The communications coalition championing better services for regional Australia will push for funding for the Mobile Blackspot program that was left out of the federal Budget.
The Regional, Rural and Remote Communications Coalition said “disappointing” was the best way to describe the funding miss for the program’s fourth stage.
The coalition’s members include the Australian Communications Consumer Action Network, the National Farmers’ Federation (NFF), the Country Women’s Association of NSW and Cotton Australia.
It was formed last year to fight for better mobile phone and data connectivity.
The Budget disclosed there would be no new money for the Mobile Blackspot program past the next financial year.
NFF rural affairs manager Mark Harvey-Sutton said “disappointing” was the best way to describe the issue.
“We were hoping Round 4 would be included in the Budget,” he said.
He said the reason it was not was because construction of communications stations “is still being done from Round 1 and 2. Round 3 funding allocations are expected to open this year”.
Mr Harvey-Sutton said not only does better mobile coverage enable people to run their businesses effectively, but it also ensures better safety in rural and remote areas.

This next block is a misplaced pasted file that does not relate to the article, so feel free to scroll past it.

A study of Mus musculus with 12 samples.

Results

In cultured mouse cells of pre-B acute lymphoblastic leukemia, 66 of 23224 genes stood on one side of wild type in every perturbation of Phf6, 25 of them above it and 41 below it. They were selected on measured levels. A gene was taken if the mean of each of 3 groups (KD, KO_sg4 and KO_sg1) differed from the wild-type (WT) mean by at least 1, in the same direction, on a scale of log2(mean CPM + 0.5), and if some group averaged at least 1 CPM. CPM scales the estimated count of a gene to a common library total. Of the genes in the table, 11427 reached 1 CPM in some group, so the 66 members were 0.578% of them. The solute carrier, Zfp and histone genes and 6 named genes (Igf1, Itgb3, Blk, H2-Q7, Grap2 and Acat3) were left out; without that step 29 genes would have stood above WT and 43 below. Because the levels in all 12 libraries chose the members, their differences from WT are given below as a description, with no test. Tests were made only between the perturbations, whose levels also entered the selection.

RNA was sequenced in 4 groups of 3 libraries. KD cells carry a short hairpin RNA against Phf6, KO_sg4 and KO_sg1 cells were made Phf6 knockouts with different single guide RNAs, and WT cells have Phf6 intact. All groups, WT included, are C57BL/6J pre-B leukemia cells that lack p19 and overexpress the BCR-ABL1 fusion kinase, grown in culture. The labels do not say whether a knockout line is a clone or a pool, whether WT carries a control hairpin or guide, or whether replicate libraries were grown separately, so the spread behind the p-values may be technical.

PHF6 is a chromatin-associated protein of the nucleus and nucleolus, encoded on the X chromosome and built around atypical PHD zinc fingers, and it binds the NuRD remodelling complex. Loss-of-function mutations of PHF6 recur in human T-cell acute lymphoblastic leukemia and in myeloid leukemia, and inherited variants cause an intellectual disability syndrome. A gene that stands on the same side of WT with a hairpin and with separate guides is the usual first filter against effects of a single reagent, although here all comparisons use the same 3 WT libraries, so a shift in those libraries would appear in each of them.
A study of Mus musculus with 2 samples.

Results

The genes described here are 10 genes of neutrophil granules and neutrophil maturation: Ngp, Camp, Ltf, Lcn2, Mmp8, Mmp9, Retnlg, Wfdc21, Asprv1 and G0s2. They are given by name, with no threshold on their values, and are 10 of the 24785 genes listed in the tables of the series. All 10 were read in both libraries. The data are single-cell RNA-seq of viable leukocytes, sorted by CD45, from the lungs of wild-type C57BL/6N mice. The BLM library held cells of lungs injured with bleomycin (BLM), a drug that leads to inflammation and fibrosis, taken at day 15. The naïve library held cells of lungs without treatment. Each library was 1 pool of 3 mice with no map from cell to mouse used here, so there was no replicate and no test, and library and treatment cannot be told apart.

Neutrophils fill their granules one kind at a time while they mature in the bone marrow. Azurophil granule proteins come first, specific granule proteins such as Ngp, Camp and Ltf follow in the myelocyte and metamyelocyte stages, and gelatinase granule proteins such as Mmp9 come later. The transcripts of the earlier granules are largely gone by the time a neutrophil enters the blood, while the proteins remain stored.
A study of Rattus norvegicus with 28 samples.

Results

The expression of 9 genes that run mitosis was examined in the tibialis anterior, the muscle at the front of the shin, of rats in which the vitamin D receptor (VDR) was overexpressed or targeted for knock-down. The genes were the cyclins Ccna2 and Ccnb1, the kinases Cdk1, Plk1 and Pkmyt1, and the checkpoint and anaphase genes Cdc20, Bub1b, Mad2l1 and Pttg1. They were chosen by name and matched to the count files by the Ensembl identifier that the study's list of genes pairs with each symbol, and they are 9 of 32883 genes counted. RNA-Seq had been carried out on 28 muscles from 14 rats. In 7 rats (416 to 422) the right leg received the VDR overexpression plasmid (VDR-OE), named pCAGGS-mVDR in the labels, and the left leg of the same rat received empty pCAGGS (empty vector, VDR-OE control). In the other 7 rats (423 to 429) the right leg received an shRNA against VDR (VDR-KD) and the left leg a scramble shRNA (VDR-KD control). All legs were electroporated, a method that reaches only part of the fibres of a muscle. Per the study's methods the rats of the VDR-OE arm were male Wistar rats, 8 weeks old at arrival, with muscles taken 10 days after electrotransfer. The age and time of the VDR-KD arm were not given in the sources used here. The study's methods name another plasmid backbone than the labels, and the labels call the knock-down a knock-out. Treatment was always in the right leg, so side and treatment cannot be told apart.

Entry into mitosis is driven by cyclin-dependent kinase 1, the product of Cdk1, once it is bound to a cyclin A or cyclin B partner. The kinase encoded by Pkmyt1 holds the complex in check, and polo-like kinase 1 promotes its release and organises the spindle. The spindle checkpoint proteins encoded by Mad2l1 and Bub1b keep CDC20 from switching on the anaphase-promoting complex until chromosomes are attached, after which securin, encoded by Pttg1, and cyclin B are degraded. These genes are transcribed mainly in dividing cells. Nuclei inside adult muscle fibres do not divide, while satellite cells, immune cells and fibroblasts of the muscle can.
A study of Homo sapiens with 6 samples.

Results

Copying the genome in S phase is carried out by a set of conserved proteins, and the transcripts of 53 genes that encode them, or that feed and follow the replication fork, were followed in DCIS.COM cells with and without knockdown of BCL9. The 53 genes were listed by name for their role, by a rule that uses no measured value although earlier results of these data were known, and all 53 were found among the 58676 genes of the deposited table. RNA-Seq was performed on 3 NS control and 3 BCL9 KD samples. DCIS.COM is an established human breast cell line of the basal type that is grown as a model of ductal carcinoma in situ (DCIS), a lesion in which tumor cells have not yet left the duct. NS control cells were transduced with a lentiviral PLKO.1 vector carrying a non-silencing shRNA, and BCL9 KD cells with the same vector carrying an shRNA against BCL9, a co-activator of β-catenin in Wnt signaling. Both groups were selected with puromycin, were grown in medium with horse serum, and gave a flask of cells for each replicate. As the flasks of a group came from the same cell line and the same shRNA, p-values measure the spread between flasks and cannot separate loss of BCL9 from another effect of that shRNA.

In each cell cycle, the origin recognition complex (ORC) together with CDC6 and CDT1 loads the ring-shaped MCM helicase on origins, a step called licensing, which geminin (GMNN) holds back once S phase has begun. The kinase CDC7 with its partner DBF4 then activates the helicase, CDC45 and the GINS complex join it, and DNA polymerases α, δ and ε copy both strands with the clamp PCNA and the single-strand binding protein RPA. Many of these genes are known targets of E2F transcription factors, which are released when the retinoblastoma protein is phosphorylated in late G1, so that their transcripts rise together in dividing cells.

“Now we’ll be working to ensure it doesn’t fall off the radar,” he said.
“We’ll continue to look for ways to expand mobile coverage. I think in the short-term we’ll continue to push for the fourth Round.”
Cotton Australia general manager Michael Murray said: “We absolutely need the same if not the equivalent to metropolitan areas.”
He said not only do farmers have to be able to operate their farm business effectively, but they need better connection to have a modern family life.
Farmers don’t just need internet access at home or in the office, but they need it all over their farm.
“Farmers don’t just need internet access at home or in the office, but they need it all over their farm.”
Mr Murray said much farm machinery and equipment recorded data which can often take “hours and hours” to download.
“We have these tools and opportunities available but we can’t utilise them because of the limitation on data,” he said.
“It’s becoming more frustrating. Telecommunication access to data is now as high an issue as the water issues were.”